What percentage of starch digestion occurs in mouth?
Altogether, about 5% of starch digestion happens in the mouth. However, it will vary a bit depending on how long you chew, how much moisture there is in the mouth, and how much moisture the starch can absorb.
The digestion of starch occurs due to the combined effects of chewing (mastication) and the enzyme, salivary amylase. This enzyme is produced by your salivary glands. It coats the food particles in your mouth, and breaks the bonds that link together the monomeric sugar units that make up a starch molecule. This chemical breakdown process is called starch hydrolysis; its end products are smaller sugar chains, including maltose, maltotriose, and dextrins. When you chew on a piece of whole grain bread, and find it becoming sweeter as you continue to chew, it's because you are converting starch into these sugars.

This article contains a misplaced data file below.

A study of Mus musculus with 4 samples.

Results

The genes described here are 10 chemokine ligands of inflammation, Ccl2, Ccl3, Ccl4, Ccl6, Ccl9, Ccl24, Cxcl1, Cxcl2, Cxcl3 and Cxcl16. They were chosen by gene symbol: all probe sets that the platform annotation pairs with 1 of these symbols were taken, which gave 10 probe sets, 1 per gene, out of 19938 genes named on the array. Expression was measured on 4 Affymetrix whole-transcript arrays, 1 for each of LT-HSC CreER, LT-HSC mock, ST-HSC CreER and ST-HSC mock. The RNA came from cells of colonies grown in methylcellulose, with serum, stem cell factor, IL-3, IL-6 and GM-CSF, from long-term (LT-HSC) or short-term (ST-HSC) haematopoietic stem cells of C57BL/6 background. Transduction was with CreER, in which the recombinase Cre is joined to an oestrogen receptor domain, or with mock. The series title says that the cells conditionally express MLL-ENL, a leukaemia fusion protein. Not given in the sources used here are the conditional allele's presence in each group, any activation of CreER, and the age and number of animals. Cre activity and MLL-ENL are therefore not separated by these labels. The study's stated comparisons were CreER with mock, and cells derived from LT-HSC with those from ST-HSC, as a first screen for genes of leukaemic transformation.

Hydrolysis depends on the presence of water, so food particles that absorb more water may get digested faster. Moreover, the more you chew the more saliva you produce. Thus, chewing is responsible for more than mechanical breakdown -- it also triggers the release of more amylase and water.
In one experiment (see last link below), researchers asked volunteers to chew mouthfuls of either bread or spaghetti. Then the researchers compared how much starch digestion had occurred before swallowing. The bread was broken down into smaller particles, and mixed with much larger amounts of saliva. And starch hydrolysis -- or the digestion of starch in the mouth -- was "twice as high for bread as for spaghetti."